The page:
We’ve been piloting interpreter mode at the concierge and front desks of hotels like Caesars Palace in Las Vegas, Dream Downtown in New York City and Hyatt Regency San Francisco Airport, where guests are using it to have free-flowing conversations with hotel staff—even if they don’t speak the same language.
If you want to test out interpreter mode but don’t have an upcoming stay at these hotels—don’t worry! You can now use this feature to translate across 26 languages from the comfort of your own home. Give it a go on Google Home devices and Smart Displays, where you’ll both see and hear the translated conversation. Simply ask your Assistant, “Hey Google, be my Thai interpreter” or “Hey Google, help me speak Spanish” to get started.
To give you an idea on how people from around the world have been using interpreter mode, let’s check out how travelers have used it at hotels to experience and navigate new destinations.
At Dream Downtown, the technology helps guests find exactly what they’re looking for when they turn to the concierge staff for assistance. Spanish, Mandarin and French have been the three most popular languages translated, and patrons are using interpreter mode when they need to do things like check into their rooms or request amenities like towels or ice. During New York Fashion Week, a guest from France urgently needed to find supplies to complete a design project—but she only spoke a little bit of English. Using interpreter mode, she was able to translate the word “tape measure” for Dream staff, who then helped her find one at a store nearby. The guest was pleasantly surprised at how quickly she was able to get assistance—and she finished her design, right on time for the fashion show.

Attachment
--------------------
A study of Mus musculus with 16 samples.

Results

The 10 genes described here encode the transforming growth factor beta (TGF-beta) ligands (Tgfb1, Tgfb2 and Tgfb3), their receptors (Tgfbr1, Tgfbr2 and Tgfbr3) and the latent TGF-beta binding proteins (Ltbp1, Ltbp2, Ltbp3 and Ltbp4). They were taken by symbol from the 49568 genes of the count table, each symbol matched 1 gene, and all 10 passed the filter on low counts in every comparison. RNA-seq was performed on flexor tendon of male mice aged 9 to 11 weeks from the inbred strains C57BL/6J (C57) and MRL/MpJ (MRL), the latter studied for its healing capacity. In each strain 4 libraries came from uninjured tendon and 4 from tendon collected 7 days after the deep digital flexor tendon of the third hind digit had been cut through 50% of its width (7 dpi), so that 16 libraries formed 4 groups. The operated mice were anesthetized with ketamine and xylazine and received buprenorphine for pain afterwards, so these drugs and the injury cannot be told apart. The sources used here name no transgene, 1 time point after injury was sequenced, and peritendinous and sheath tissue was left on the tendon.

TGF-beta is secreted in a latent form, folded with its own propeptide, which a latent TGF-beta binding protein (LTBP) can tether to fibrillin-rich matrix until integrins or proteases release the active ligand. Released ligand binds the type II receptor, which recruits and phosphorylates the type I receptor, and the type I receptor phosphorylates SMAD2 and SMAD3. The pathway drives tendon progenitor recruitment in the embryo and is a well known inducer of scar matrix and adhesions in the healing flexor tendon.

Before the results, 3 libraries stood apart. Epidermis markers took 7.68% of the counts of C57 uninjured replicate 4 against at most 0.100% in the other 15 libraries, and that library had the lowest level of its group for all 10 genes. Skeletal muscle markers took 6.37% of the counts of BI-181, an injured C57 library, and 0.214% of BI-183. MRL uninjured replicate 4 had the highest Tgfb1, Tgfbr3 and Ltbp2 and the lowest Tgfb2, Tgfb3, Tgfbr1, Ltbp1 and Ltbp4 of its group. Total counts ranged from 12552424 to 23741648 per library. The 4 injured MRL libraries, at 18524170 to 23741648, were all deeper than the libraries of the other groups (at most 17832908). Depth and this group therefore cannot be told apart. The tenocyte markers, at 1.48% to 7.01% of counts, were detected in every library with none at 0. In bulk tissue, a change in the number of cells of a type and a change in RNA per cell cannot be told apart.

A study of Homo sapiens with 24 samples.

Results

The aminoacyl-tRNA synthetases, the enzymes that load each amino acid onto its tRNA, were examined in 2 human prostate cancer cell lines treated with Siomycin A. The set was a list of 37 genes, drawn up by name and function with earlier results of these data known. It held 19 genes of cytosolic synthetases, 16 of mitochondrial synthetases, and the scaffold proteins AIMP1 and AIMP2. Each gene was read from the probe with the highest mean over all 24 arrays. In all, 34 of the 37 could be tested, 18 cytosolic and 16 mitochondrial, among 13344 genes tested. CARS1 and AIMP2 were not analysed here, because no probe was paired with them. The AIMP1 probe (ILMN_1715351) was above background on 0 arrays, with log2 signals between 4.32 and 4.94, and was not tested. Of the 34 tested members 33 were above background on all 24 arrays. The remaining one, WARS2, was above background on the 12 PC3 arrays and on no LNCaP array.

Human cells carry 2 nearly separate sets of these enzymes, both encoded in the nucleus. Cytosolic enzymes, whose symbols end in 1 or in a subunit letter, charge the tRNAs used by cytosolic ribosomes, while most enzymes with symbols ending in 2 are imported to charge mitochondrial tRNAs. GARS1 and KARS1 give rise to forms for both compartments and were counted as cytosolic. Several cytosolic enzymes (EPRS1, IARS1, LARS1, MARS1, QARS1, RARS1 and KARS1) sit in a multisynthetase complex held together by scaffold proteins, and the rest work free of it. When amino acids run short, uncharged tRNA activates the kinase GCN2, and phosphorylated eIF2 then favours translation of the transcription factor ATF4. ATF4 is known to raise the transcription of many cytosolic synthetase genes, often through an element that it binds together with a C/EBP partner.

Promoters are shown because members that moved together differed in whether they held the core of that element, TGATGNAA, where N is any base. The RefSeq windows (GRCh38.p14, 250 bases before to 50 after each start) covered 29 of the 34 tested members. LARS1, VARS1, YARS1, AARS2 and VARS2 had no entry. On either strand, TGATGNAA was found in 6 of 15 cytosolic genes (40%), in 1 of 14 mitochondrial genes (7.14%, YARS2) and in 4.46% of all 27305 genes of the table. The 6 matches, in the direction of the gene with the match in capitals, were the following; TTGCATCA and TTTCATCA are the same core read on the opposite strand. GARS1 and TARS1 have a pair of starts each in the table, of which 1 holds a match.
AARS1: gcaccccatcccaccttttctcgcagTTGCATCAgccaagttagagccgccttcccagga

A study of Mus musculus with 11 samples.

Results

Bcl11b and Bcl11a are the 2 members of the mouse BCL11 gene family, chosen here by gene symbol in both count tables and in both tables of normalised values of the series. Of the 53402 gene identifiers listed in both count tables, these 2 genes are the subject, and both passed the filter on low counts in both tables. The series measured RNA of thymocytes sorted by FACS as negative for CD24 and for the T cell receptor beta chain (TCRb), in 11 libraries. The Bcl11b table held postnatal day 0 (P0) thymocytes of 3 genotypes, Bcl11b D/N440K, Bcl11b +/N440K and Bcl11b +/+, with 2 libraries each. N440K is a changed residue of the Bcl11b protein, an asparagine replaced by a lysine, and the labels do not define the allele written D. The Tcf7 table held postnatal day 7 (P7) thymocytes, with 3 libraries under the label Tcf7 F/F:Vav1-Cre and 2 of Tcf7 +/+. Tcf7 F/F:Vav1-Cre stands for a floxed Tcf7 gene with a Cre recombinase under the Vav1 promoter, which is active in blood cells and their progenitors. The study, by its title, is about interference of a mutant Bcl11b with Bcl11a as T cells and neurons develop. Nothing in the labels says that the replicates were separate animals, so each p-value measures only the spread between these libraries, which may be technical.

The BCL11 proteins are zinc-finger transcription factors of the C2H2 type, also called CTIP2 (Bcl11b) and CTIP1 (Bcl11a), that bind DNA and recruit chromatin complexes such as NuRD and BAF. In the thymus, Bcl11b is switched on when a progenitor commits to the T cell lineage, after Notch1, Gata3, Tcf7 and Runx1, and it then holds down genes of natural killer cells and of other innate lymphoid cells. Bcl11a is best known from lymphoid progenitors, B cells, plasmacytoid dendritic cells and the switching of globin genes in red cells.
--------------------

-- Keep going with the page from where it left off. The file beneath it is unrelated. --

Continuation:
At Hyatt Regency San Francisco Airport, where the concierge team welcome numerous international guests due to the hotel’s proximity to the airport, Korean, Japanese, and Mandarin have been the top translated languages. Guests typically use the feature to get help with questions about San Francisco landmarks, tourist destinations and to discover restaurants nearby. Most recently, a Korean guest used interpreter mode to help plan out his first trip to San Francisco. Without interpreter mode, he wouldn’t have been able to take advantage of local recommendations from the concierge.
Interpreter mode can help businesses better serve their guests through an improved customer experience. And this technology can be a helping hand wherever language barriers exist, including at hotels, airports, restaurants, customer service kiosks, organizations aiding humanitarian efforts and much more. If you’re part of a business interested in bringing this technology to your customers, we’d love to hear from you.
A new Google Assistant feature called interpreter mode can help you eliminate language barriers by acting as your personal interpreter.